A home renovation can jack up your insurance bill — here's what to do about it

·5 min read
A home renovation can jack up your insurance bill — here's what to do about it
A home renovation can jack up your insurance bill — here's what to do about it

The COVID pandemic set the restaurant, travel and retail industries back years — not to mention the huge hit inflicted on the overall American economy in 2020.

But one industry, home improvement, saw record-breaking sales last year. And they’re not set to let up anytime soon.

That's because, even as the pandemic has subsided somewhat, many Americans are still focused on getting their financial houses in order, by paying down debt, as well as their actual houses in order, by renovating and remodeling.

But what does that mean for your homeowners insurance rates? Here’s more on the renovation phenomenon and how it may end up costing homeowners more than they realize.

What’s happening with home renos?


The site says renovations will likely speed up this year as homeowners have become more confident in their skills to take on more ambitious projects.

And a survey run by Lowe’s last December found that 46% of respondents had spent money on home improvements last year that would normally have been spent on other things.

Looking ahead to 2021, 84% indicated they’ll continue to spend some of that money on home improvements even after the pandemic ends.

Why are renovations getting more expensive?

Couple look stressed, planning finances at their kitchen table.

There are a few reasons for this:

  • Inflation. As we approach the end of the pandemic, the economy has been rebounding. And so too has inflation. In April, the Bureau of Labor Statistics recorded the rate of inflation rising to a level not seen in 12 years. And it ticked up again in May. Rising inflation means everything costs more, including building materials and labor.

  • Increased competition. Because everyone’s keen to do a home project, contractors are busier than ever. And when the demand increases for their services, so do their prices.

What about my homeowners insurance?


Increasing the value of your home could very well result in an increased cost to insure it.

However, it’s important to note the value we’re talking about here isn’t the resale value; it's the rebuilding cost that your insurer would be on the hook for if anything were to happen to your home.

A fresh paint job or landscaping may increase your home’s market value, but they shouldn’t impact the value of your home from an insurer’s perspective. However, if you’re looking at adding square footage or fixtures in your home that will increase its overall replacement cost, that’s when your insurer is likely to increase your premiums.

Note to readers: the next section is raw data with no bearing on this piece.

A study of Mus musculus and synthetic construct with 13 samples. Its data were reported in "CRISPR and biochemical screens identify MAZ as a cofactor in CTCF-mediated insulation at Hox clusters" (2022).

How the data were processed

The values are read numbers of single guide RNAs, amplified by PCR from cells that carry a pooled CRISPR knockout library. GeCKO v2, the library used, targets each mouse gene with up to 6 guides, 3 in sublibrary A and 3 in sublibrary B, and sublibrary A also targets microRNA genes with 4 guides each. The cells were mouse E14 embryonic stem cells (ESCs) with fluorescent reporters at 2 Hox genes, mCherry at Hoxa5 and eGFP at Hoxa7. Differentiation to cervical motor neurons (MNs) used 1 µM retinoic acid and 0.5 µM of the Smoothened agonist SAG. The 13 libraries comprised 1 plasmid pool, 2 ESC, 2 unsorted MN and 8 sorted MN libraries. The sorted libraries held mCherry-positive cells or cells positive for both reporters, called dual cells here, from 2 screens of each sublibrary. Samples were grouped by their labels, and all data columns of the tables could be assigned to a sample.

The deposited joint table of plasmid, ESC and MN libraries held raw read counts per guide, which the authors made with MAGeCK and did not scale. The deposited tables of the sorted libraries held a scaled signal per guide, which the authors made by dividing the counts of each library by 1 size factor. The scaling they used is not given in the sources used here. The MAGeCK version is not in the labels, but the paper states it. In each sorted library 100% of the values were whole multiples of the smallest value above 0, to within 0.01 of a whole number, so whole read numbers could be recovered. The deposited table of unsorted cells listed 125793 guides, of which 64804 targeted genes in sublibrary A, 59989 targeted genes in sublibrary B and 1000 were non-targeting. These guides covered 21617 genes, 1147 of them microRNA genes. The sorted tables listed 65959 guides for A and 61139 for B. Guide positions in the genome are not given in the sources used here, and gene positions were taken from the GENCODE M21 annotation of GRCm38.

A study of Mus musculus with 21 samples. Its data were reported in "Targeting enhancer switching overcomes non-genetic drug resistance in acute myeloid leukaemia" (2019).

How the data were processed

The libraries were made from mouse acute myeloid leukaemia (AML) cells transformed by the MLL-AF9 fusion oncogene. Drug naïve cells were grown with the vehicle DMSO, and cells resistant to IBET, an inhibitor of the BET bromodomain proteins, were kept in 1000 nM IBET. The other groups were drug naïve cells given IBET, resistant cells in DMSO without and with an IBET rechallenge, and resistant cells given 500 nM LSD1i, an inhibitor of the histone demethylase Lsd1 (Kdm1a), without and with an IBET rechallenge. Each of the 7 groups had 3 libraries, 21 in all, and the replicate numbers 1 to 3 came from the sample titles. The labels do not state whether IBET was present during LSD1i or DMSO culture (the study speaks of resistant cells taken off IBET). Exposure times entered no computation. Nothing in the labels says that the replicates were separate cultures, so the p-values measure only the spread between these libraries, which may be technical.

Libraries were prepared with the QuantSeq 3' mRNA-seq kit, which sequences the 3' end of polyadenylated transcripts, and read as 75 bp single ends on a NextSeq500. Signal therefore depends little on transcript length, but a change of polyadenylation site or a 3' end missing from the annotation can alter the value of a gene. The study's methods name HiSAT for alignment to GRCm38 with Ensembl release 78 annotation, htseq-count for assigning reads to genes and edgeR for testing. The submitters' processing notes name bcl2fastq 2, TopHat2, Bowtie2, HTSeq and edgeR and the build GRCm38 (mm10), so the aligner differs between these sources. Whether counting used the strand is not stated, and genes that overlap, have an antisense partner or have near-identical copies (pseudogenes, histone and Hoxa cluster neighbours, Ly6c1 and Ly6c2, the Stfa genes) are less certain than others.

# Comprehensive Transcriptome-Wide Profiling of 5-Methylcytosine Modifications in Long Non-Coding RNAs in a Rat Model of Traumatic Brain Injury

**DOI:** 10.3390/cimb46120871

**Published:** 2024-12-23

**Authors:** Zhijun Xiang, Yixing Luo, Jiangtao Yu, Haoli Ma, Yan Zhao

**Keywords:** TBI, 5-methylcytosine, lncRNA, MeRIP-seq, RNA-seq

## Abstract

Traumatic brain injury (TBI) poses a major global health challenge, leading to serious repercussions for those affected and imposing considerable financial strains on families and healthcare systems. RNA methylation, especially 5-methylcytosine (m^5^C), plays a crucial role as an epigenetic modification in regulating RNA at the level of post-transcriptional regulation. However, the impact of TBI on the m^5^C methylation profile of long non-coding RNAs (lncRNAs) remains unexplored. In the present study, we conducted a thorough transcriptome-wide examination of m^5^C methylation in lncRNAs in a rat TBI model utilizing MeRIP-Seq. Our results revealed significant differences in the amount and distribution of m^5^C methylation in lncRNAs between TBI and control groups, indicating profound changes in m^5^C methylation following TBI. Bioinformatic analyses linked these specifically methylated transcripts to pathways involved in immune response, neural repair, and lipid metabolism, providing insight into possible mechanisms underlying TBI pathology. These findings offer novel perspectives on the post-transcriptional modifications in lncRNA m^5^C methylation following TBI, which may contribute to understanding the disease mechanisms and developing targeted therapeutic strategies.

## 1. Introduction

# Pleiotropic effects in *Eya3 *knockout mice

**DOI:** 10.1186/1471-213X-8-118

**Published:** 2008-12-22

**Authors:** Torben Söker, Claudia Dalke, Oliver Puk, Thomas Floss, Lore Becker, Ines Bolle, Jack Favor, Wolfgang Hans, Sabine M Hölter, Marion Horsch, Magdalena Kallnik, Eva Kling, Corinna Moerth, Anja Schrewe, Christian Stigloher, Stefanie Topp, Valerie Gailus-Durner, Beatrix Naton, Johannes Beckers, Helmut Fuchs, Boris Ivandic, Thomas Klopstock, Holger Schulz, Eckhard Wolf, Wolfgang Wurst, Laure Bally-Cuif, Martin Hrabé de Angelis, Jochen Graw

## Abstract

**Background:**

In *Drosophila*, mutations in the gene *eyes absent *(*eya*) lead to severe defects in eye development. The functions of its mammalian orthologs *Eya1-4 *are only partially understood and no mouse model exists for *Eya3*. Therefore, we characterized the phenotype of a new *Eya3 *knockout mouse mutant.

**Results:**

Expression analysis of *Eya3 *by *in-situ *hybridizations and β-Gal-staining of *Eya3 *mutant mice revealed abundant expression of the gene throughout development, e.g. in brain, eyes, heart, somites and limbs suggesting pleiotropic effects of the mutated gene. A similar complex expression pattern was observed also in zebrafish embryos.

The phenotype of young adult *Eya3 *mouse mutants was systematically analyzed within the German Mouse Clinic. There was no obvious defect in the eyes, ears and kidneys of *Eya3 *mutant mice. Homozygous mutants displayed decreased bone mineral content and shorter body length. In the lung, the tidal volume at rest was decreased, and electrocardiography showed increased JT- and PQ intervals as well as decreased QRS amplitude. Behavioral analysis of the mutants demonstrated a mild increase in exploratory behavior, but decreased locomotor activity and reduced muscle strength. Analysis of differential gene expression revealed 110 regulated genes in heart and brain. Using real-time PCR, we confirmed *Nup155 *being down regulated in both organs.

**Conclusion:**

There’s also the matter of climate change, which has been tied to surging prices in the insurance industry, most American homeowners can expect to have to pay more for their coverage.

Over the last 15 years, the number of natural disasters that have caused $1 billion in damage have been on a steady rise, according to findings from researchers for Deloitte. Insurers must now factor those costs into their underwriting and pricing decisions.

Add it all up, and it's more important than ever to make sure you regularly shop around for the cheapest homeowners policy that fits your specific needs.

Why it’s important to tell your insurer about any renovations


A recent study shows most homeowners are OK with lying to save on insurance costs. But if you ever needed to file a claim, those lies (or omissions) could cost you big.

Let’s say you renovate your basement to add some extra living space to your house but don’t update your home insurance. That means if you ever have to make a claim, your insurer could reject the costs of any upgrades they didn’t know about and you’ll be out of pocket for the cost of repairs.

The good news here is that some projects, like adding an alarm system or updating your plumbing or electrical systems, can actually cause your home insurance costs to drop, which means reporting upgrades doesn’t necessarily always cost you money.

How to get your house in order


  • Use a cash-out refi to pay for your project. Now’s the perfect time to take advantage of low mortgage rates and the equity you’ve already built up in your home. With a cash-out refinance, you can get the cash you need to pay for your project.

  • Shop around for quotes. Ask a few different contractors to give you an estimate of how much your project will cost. Keep in mind that Home Advisor says most remodelling or renovation projects will cost you about $10 to $60 per square foot, depending on where you live and which room you’re working on. But don’t just go for the cheapest quote, make sure you also vet your professional to ensure they’re both trustworthy and have the skills to get the job done.

  • Compare rates to find the lowest price. As you would with looking for a contractor, the best way to ensure you save on the cost of your homeowner’s insurance is by shopping around for the best rate. Just by comparing quotes, you could potentially save yourself hundreds of dollars a month.

  • Make savings your policy. After you’ve locked in your home insurance rate, why not turn your attention to your other insurance policies? If it’s been a while since you looked for a better price on your auto insurance, it may be costing you more than $1,000 extra every year. Shop around to ensure you’re paying the best possible rate. And then use the same trick to save hundreds on health insurance, too.